A new study shows that the kitchen could be responsible for making us fat. That’s because visual cues entice us to eat more—or less. How does your kitchen score on the fat-causing front? Ask yourself these simple questions to arrive at an answer:
- Does your kitchen have bright lights? Perhaps you need to tone things down a bit. Bright lights are known to create visual clutter, subconsciously urging you to take comfort in food. The result: overeating.
- Does your kitchen give the impression of a warm, plentiful place, flowing seamlessly into the living and dining spaces?
- Are your plates big? The bigger the plate, the more you tend to pile onto it.
- Are your glasses wide? Again, the wider the glasses, the more they can hold. And if you are hooked to sugary drinks, you are looking at some serious calories. Small, narrow glasses are a good buy.
- Do you buy food in bulk, always? Obvious: the more you have, the more you are going to eat.
- Is your counter top cluttered? A messy appearance puts you off cooking, and you find yourself reaching for bags of chips and other high-calorie foods.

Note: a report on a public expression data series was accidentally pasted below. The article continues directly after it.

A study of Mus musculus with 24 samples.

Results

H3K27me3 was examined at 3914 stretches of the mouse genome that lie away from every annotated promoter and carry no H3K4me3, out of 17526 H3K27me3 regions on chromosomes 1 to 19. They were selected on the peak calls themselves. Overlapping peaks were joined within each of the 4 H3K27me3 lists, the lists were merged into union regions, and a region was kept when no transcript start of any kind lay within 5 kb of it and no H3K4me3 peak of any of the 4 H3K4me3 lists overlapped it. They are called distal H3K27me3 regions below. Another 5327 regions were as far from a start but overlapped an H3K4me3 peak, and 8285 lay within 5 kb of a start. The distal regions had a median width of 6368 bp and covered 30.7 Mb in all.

- Are the snacks and cookies in your kitchen arranged at eye level? That is a store-tested way to get you to eat more. If you are watching what you eat, place your cookie jars right on the top shelf, so you don’t give in to impulse nibbling without blink.
Now if you have answered yes to more than two of the above questions, your kitchen could indeed be making you fat.
A compact kitchen, small plates and narrow glasses—preferably in appetite-controlling soft colors such as blue, limited food supplies rather than loads of impulse buys, a clear countertop and a selection of goodies stocked above eye level—those are some of the elements that can make your kitchen a healthy eating zone.